Odds may be high for pulltab funding of Vikings stadiumST. PAUL — Funding stadium construction with pulltab and bingo revenue may not be a safe bet.
By: Don Davis and Danielle Nordine, Worthington Daily Globe
ST. PAUL — Funding stadium construction with pulltab and bingo revenue may not be a safe bet.
A professor who has studied the issue said predicting the impact that changing state law would have on pulltab and bingo revenue is chancy.
And the organization representing charities that sponsor pulltab and bingo games in establishments across the state said the proposal to allow electronic devices does not go far enough to convince local charities to convert.
In an effort to convince charities to back a Vikings stadium financing proposal, Gov. Mark Dayton and Revenue Commissioner Myron Frans on Friday announced a new plan that would increase charities’ profits on the two games. Executive Director King Wilson of Allied Charities of Minnesota was not convinced that charities would go along with the idea.
Without the charities’ support, passing an already controversial stadium-funding plan becomes more difficult. The e-pulltab idea appears the most acceptable among legislators.
Dayton leans toward allowing electronic pulltabs because another leading gambling proposal, adding casinos at horse-racing tracks, likely would be tied up in court for years.
The stadium bill would fund the state’s $398 million portion of a $975 million Vikings stadium by selling bonds to be repaid with revenue from newly allowed electronic pulltab and bingo devices.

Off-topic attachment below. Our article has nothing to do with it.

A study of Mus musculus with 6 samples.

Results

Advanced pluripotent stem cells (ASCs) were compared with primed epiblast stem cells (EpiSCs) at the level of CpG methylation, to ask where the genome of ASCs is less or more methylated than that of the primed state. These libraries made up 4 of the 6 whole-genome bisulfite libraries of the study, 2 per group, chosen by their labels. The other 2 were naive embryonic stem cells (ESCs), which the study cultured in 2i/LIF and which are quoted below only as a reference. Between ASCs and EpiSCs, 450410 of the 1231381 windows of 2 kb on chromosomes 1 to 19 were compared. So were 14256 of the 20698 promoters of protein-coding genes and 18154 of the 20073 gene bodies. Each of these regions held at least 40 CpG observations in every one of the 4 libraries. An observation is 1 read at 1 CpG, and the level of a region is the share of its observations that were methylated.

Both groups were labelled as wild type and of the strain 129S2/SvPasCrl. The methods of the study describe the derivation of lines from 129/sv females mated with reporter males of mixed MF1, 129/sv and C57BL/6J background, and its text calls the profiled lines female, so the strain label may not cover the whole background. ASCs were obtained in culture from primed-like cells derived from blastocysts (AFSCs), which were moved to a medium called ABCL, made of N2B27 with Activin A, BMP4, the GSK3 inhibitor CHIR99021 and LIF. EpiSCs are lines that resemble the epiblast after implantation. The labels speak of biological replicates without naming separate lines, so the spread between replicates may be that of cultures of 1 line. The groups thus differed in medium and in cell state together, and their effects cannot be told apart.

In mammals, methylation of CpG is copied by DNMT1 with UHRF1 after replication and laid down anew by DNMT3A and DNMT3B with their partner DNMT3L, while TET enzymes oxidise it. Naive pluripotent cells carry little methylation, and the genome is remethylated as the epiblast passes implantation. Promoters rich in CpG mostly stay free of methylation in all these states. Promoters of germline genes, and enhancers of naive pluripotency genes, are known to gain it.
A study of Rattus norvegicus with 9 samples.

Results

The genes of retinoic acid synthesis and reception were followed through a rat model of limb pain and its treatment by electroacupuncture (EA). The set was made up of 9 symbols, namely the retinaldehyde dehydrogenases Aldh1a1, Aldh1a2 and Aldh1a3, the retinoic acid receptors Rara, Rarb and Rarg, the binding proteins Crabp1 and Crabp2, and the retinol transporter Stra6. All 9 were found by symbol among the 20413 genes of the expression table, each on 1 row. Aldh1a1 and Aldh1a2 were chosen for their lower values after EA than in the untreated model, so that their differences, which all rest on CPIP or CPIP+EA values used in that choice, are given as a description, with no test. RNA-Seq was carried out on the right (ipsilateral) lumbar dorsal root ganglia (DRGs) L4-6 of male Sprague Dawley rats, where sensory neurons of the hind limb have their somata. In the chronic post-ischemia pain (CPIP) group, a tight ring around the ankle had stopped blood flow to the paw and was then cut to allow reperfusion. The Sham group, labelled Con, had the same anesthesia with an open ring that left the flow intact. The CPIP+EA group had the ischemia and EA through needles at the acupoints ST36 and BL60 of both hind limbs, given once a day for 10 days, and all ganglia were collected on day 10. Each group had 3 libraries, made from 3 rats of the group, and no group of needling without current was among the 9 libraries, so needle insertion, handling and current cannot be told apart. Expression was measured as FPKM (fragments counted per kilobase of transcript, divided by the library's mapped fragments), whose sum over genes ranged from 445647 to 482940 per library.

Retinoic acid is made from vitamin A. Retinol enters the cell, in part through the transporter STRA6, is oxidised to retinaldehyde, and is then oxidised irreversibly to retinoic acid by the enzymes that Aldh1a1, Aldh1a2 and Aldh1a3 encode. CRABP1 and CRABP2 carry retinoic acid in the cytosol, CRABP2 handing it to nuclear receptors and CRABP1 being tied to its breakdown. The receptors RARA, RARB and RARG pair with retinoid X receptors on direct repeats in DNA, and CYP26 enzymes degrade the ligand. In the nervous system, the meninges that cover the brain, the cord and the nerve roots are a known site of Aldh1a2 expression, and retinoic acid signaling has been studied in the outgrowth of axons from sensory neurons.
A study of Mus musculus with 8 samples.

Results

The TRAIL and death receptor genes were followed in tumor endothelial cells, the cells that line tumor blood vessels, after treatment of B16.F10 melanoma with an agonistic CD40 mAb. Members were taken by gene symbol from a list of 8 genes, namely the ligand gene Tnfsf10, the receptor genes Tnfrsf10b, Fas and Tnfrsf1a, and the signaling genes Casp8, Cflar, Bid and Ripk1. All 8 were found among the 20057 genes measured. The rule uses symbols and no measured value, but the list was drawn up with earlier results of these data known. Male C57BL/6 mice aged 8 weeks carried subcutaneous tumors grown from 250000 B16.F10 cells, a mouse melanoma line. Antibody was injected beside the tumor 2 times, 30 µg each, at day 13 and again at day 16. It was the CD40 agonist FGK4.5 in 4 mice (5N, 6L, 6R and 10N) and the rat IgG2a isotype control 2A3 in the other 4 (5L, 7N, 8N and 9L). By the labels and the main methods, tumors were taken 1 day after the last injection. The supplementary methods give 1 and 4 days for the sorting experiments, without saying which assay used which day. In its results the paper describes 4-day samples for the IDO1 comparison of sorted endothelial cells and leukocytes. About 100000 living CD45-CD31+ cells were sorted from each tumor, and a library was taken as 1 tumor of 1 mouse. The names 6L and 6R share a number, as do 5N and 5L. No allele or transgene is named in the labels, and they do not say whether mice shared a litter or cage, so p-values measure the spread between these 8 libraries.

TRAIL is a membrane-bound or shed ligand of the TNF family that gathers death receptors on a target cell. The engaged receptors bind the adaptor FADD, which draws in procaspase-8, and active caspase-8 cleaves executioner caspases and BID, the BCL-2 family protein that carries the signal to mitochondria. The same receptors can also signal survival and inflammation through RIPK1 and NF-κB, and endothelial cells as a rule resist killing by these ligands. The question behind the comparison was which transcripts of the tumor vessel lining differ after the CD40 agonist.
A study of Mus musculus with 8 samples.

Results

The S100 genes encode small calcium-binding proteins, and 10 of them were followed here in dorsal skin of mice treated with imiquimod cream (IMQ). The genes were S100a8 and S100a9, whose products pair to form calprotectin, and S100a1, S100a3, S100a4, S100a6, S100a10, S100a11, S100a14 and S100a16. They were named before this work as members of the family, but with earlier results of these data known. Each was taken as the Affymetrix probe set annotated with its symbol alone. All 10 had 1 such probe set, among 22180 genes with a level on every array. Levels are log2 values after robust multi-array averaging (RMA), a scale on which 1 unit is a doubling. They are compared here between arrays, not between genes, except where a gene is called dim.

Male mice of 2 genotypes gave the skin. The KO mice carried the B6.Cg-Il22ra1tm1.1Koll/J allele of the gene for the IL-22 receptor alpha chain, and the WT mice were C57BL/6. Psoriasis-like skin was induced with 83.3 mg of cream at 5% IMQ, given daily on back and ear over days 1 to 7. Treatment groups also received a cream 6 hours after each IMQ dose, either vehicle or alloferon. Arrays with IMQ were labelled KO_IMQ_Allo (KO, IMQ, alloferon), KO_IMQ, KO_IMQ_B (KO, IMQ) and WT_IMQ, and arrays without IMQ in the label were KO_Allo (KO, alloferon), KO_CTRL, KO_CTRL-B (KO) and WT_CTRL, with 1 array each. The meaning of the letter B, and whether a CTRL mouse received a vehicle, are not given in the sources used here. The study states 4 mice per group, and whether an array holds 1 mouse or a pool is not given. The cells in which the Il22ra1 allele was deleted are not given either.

The theory for the plan is that allowing patrons to play on electronic devices would attract more business than the current paper games. Charities for years have said that authorizing electronic devices, a bit like playing on an iPad, would bring more money to them, the host bars and, via taxes, the state.
The state Gambling Control Board and Revenue Department estimate electronic pulltabs and bingo would bring $62.5 million in new money to each the state and charities, with $28 million more to host businesses, such as bars.
Estimates released Friday show large gains in profits from charities that host games. A typical example is the Sexual Assault Program of North St. Louis County that now receives $1,153 from the games would get $20,847 under the new proposal.
But an economist who watches gambling finances wonders about the estimates.
St. Thomas University professor John Spry said it is impossible to predict how much more, or less, could be spent if electronic pulltab and bingo games are allowed.
The estimates could be high or low, he said.
When the state estimates a new type of revenue, it usually is based on existing sales, income or whatever is being taxed. But the professor said there is no way to know how customers would react to a new form of gambling.
“I would suggest to lawmakers that they very, very carefully look at” the proposal, he said.
Nordine and Davis work for Forum Communications Co., which owns the Daily Globe.